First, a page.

Budding Enthusiast
  • Content count

    6
  • Joined

  • Last visited

About Billy000

  • Rank
    Newbie

Contact Methods

  • First Name william

Profile Information

  • Ford Model focus 1.6tdci
  • Ford Year 2005
  • UK/Ireland Location Hampshire
  • Annual Mileage 10,001 to 15,000
  1. Hmm, ok, thanks for the advice James. Sounds like it might be wise to avoid shortcuts until i am more familiar with the engine, so i'll prob buy a flywheel locking tool and use some suitably sized drill bits as locking pins where applicable. Will let you know how it turns out :)
  2. Hello everyone; posted a while back about some engine rattling (turned out to be exhaust bracket) and got some useful advice. Thought i'd come back for some more thoughts on a maintenance question i have :) . I have been diagnosed with a worn oil pump. I thought i would have a go at swapping this out myself; got the new pump in hand and have so far removed sump, oil pickup, auxilliary drive belt, crankshaft pulley and cambelt covers. The question i have relates to how it is possible to maintain engine timing while removing the crankshaft sprocket which is also used to fix the crankshaft timing via a locking pin (drill bit). My Haynes manual makes an incredibly brief reference to locking the flyheel in the correct position for engine timing, which sounds sensible. However, the manual only discusses elswhere, the method of locking - locking the flywheel with a flywheel pin through the bell housing, while also saying that this cannot be used for engine timing purposes. This seemed a little ambiguous to me. The question i have is - how can i maintain engine timing if i cannot lock the flywheel with this 'non-timing' pin? Do i need to go so far as removing the starter motor and using a special tool to lock flywheel in correct timing or....(and this maybe a little risky).. can i do something a little simpler and mark the timing belt, fuel pump, crankshaft and camshaft sprockets with typex (is there a risk that residual engine pressure or camshaft forces will move engine parts dangerously if they are not secured? ...and i thought i could just pop the bonnet, undo a couple of bolts and be done by lunch... :D Thanks in advance :)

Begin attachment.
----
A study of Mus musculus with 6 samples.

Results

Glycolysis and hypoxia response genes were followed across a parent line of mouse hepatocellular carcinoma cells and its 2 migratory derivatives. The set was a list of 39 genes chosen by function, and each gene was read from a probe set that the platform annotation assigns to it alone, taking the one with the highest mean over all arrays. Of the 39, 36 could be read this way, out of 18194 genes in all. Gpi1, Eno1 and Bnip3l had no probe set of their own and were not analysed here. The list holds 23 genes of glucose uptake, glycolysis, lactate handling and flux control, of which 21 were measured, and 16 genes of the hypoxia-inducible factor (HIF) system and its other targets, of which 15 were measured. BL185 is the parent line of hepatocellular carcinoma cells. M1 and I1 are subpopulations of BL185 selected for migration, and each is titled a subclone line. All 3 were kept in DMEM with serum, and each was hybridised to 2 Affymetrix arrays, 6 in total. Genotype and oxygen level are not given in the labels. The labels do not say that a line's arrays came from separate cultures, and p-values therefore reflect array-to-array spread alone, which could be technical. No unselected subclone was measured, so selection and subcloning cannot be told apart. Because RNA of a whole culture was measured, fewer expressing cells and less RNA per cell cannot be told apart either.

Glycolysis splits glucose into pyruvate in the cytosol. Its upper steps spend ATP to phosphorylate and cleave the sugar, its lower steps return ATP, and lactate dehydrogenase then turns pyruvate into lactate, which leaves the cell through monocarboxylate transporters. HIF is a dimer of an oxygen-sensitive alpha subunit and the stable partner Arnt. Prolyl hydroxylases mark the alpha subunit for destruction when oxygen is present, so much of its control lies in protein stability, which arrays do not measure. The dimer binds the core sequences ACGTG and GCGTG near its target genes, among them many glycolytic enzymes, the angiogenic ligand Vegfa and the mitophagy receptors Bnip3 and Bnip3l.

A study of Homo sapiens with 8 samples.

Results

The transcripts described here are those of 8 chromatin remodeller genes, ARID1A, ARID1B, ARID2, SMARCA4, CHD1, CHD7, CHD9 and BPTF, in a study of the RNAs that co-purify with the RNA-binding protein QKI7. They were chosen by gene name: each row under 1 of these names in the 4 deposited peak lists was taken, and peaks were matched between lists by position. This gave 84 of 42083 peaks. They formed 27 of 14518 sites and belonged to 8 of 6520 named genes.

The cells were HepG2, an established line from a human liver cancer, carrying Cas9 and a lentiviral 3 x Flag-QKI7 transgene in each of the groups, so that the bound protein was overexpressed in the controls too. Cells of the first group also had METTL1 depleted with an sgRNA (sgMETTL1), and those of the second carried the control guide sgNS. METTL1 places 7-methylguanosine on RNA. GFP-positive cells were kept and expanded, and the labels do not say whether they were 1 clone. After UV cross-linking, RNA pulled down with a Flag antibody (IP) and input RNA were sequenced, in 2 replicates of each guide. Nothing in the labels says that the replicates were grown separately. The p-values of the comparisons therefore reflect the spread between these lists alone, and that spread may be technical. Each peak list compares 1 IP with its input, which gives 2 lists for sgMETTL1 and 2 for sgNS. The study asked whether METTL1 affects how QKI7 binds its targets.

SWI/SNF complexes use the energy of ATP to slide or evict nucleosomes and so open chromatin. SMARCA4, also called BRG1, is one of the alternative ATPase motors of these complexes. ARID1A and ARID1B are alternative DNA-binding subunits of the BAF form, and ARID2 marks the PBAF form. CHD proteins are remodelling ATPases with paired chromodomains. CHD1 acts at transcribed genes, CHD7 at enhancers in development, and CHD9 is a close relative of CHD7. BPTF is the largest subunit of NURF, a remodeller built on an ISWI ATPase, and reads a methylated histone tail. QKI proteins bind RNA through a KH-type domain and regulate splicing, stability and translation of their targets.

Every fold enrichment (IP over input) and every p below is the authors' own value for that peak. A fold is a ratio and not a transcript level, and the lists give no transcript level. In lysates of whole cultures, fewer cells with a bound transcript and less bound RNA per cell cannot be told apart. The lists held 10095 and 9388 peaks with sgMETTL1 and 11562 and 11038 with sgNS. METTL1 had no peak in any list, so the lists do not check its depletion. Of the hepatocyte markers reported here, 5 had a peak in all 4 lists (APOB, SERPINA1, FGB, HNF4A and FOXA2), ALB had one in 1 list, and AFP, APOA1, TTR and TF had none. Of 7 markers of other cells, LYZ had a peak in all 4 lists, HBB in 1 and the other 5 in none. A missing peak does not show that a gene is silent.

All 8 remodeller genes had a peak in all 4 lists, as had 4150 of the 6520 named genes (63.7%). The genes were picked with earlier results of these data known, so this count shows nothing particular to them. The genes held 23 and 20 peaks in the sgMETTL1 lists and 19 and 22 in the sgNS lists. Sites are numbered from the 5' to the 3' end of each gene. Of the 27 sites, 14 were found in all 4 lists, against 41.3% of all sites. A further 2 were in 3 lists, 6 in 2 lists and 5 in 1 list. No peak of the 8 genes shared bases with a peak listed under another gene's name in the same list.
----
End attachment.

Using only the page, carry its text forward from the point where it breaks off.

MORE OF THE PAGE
3. ok, so this problem was a while back, but it was finally solved and just getting round to marking 'solved' - turned out that it was nothing to do with the internal mechanics of the engine; an old bracket that connects the exhaust to the underside of the engine (transmission housing i think) was rusted and snapped. Rattling was due to these bracket parts clattering against one another and the garage just welded it back. It was just funny that it only occurred in a certain RPM range though. Thanks for the thoughts and feedback though guys - quite happy the solution turned out as simple as it did though :)
  4. Yeah, that makes sense, i think it is coming from 'inside' the engine rather than an external loose part, but will get some help from someone while i put my head in the engine bay to confirm this. looks like it'll be going back to the dealership soon though. Cheers!
  5. This definitely sounds like an issue with computers on wheels! :D but, thanks for the tip; not something i could deal with myself i guess, but will ask about this when i manage to get back to the dealership. Thanks :)
  6. Hello all, i'm new on this forum; just wanted to share a problem i was having with my focus and check to see if there was anyone who had encountered anything similar or might recognise the problem? So, the basic context: - i bought a 2005 ford focus 1.6tdci a couple of months ago with 130000miles on it. I soon realised that there was an oil/diesel leak around the injectors. took it back to the dealership, which spent quite some time removing various seals around the injectors, rocker cover and others. i'm told they spent some time over a few days digging around to find the source of the leak, but in any case, they found it to be an oil leak and fixed it (i've already asked them for a breakdown of the work and am waiting). However after leaving the garage, i found a new problem that i did not have before... The problem: - since the work was completed i have found that in any gear, from idle - 1200rpm, if the engine is under any load at all, it makes a clattering rattling sound that can be quite loud. the performance of the car doesn't seem to be affected, but it is quite loud and just doesn't sound healthy. The best way i can describe the sound, and this might seem silly, but if you imagine an unbalanced load in a washing machine in the spin cycle, and you put an oven tin on top of it so it jumps around - that is the chattering, clattering, rattling noise that the engine makes. Over 1200rpm, the sound dies off and the engine sounds normal and healthy. Any thoughts about this one? In all likelihood, i'll end up taking the long drive back, but just thought i'd check here to see if someone might be familiar and point me to a loose bolt (maybe dreaming here). Anyway, cheers, Billy.